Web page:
A German regulator has threatened Google with legal action if the snooping giant fails to hand over a hard drive containing the private Wi-fi data it claimed it collected by "mistake".
Google last week confessed to having collected data from unsecured private wireless networks around the world using its Street View vehicles.
Johannes Caspar, data protection officer for Hamburg, said that he had given Google until May 26 to come up with one of the hard drives on which it stored information collected in Germany.
Google has offered to destroy data in it s possession, but seems reluctant to hand over the drive.
In a statement regarding Google's prevarication, EU justice commissioner, Viviane Reding, said “It is not acceptable that a company operating in the E.U. does not respect E.U. rules."
Google said it had collected 600 gigabytes of data from unsecured wireless area networks from around the world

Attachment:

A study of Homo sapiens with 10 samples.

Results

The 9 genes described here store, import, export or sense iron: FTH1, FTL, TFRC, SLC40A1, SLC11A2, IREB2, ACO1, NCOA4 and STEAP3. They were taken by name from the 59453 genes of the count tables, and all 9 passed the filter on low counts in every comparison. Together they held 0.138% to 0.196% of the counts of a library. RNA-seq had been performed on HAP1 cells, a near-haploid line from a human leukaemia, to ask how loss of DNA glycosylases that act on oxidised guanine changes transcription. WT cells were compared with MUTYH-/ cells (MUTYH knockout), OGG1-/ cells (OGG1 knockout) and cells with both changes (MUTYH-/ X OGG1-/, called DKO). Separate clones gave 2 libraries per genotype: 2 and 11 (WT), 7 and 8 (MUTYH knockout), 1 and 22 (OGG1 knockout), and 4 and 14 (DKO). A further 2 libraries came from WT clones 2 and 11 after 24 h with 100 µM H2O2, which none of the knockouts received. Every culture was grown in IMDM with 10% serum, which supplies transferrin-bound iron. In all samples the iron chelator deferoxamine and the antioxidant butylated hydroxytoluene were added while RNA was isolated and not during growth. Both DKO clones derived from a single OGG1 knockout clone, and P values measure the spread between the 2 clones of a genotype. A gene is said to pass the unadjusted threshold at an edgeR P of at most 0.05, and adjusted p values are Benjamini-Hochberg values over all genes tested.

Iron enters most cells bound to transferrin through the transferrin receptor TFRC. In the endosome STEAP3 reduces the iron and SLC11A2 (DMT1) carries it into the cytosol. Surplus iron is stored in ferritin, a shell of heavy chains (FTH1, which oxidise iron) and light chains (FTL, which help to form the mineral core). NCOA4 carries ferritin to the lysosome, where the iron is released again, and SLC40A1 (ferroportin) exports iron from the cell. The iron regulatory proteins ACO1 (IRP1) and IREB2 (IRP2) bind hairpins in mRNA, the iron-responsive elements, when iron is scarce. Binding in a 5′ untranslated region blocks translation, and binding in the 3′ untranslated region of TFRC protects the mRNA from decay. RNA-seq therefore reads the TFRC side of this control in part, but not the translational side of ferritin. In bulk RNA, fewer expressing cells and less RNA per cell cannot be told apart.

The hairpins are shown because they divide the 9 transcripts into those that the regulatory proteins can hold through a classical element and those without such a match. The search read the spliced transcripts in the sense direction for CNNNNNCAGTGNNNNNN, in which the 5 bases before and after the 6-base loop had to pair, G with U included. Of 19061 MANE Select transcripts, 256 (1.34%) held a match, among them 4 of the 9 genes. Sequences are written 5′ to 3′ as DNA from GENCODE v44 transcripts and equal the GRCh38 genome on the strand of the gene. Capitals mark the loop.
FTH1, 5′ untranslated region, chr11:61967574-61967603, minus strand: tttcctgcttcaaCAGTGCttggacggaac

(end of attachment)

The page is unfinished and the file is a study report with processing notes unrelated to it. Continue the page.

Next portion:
Google CEO Eric Schmidt told a UK conference today that his firm has the most “privacy-centric” policy. He claimed Google had not used the illegally-collected data in any way. “As a society we haven’t figured out what we want to do with all this new technology and what’s appropriate,” Schmidt said. “Societies will determine the outcomes differently,” he flannelled.
Over the weekend, Google said it destroyed the data it collected in Ireland, at the request of the regulator.
The destruction was witnessed by Alex Stamos, an Isec Partners employee, who said the data was contained on four hard drives, organised into folders corresponding to individual countries. He said he created volumes on two new encrypted hard drives and copied over all of the data except that identified as having been gathered in Ireland.
"I then witnessed the destruction of the four hard drives," Stamos wrote.